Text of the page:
In what appears to be a scientific first, researchers from the US and the UK have taken early-stage human egg cells and grown them into full maturity in the lab. This is an incredible step in terms of what could eventually be big news for infertility treatments in women. This process in itself isn’t new. This has been done with mice as well as human eggs. But in those cases, this was done from cells that were already at a late stage of development. What makes this study unique is that it’s the first time that scientists have achieved this with early-stage human egg cells.
Developed by researchers from the University of Edinburgh and the Center for Human Reproduction, the technique could eventually be administered to women whose eggs don’t develop fully in their bodies, and as a way to preserve a cancer patients’ ability to have biological offspring in cases where chemotherapy or radiotherapy has made them infertile. Conceptually, this breakthrough means a girl’s immature eggs can be recovered from her ovarian tissue, matured in the lab, and then cryogenically stored for future in vitro fertilization. Currently, a piece of the ovary is removed before chemotherapy and then re-implanted after the treatments are done, but this introduces the risk of putting cancer cells right back into a patient’s body.
What makes this so incredible? The development of effective culture mediums. Plain and simple. Well, not really simple, but that’s the big take away here. What are they exactly? They are environments in which the immature cells could be supported through each stage of development and brought to full maturity. In experiments, the researchers extracted ovarian tissue from 10 women during routine surgery, all of whom were in their 20s or 30s. The cells were bathed in a series of complex chemical nutrients over the course of four stages of development. Nearly 50 eggs of out 87 attempts managed to reach the third stage, with nine making it through to full maturity.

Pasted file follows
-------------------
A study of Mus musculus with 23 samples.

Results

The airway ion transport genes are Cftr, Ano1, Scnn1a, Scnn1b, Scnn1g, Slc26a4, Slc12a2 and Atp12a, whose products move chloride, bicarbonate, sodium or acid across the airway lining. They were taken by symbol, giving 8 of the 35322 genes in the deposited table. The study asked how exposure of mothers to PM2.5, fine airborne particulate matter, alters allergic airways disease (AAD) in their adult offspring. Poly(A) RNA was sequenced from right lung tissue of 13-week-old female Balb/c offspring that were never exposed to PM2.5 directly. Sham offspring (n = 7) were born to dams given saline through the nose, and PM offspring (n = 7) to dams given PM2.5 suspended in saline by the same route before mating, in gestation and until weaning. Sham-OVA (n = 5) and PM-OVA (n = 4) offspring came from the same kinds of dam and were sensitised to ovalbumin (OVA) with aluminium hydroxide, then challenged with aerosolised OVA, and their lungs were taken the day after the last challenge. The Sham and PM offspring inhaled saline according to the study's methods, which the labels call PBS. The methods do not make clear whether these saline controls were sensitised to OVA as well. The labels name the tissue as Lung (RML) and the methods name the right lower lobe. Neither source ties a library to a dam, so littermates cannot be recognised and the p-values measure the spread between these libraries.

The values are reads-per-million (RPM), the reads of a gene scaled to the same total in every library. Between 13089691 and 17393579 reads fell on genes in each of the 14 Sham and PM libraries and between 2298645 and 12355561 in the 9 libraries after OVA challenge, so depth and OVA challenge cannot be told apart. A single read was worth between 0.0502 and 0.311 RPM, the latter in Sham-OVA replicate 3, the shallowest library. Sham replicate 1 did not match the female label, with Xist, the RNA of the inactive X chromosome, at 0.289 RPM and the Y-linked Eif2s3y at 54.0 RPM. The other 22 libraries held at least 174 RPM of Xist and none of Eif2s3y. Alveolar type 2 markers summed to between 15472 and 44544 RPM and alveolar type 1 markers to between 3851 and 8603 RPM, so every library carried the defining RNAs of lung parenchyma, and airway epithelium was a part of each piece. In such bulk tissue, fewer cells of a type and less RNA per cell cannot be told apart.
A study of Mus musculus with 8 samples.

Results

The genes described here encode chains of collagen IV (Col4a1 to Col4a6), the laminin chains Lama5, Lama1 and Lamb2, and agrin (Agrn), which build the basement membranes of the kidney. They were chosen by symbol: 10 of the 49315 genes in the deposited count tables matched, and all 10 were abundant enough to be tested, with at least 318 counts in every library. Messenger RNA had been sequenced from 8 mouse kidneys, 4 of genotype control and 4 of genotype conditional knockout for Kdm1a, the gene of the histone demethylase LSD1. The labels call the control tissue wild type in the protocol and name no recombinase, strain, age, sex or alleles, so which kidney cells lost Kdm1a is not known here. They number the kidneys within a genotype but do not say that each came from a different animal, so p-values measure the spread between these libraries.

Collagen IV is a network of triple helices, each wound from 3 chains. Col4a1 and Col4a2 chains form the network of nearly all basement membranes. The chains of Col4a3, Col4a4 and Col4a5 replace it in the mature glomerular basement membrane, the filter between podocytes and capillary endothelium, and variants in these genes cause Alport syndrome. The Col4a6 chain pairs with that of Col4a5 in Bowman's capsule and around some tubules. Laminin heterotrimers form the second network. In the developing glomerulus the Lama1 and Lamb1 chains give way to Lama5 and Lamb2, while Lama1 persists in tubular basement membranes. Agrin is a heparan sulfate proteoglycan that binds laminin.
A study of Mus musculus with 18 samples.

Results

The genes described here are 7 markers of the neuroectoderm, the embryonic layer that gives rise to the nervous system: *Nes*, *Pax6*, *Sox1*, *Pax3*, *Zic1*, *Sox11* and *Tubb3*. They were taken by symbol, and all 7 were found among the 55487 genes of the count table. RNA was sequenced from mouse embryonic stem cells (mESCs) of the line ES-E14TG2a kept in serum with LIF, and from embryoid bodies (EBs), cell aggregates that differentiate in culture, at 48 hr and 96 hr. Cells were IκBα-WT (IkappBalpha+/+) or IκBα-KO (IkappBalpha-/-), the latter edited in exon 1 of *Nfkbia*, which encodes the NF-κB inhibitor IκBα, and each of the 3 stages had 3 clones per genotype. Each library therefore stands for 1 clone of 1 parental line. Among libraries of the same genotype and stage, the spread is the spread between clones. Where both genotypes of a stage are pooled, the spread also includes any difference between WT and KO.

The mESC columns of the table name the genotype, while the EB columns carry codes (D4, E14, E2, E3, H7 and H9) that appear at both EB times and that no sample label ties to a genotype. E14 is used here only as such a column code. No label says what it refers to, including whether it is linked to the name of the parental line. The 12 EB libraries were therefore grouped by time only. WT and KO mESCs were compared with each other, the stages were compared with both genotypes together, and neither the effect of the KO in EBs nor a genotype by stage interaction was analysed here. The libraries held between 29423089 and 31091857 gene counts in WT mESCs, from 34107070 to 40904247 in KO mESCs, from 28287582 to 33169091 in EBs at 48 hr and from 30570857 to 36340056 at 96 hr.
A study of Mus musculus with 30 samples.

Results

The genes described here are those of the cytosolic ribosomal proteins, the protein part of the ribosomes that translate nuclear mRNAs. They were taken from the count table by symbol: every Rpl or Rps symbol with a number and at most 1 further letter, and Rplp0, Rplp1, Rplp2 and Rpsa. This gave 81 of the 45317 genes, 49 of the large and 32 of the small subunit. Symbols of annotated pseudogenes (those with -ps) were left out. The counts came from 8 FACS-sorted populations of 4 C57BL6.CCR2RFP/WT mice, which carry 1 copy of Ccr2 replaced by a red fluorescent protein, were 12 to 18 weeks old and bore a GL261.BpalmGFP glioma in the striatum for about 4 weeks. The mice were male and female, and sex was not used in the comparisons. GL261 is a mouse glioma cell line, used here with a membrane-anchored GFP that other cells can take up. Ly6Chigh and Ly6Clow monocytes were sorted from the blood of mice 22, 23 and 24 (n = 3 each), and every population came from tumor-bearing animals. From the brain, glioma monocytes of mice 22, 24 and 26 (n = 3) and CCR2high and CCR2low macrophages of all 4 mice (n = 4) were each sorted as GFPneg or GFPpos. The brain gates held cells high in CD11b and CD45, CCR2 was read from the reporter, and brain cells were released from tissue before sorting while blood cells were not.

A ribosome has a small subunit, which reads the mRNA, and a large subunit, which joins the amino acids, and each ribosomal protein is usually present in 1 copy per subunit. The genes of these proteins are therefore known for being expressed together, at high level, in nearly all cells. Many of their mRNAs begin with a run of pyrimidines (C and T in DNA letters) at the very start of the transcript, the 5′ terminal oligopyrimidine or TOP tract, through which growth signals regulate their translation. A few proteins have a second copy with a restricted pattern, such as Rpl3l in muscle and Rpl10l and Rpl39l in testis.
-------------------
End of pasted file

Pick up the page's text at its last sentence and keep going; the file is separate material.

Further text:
While I think that these are high numbers, they are actually just a small sample. But it does provide a proof of concept that complete development of human oocytes can occur in vitro. The authors of the study believe that “further optimization with [physical] evaluation and fertilization potential of [lab grown] oocytes is required to determine whether they are normal”. Even so, this is still good news.
I think some will not view this as positively as I do but think about it from this perspective – we are one step closer to an end goal – whatever that might be. If it’s that no woman will ever have to deal with fertility issues, then this is a huge step in that direction. If that’s not the end goal, then this is more research moving us in the direction that we need to be going. While I don’t always sound this positive about other topics, I tend to look at medical advancements differently. Without them, we would all have died from smallpox. Think about that.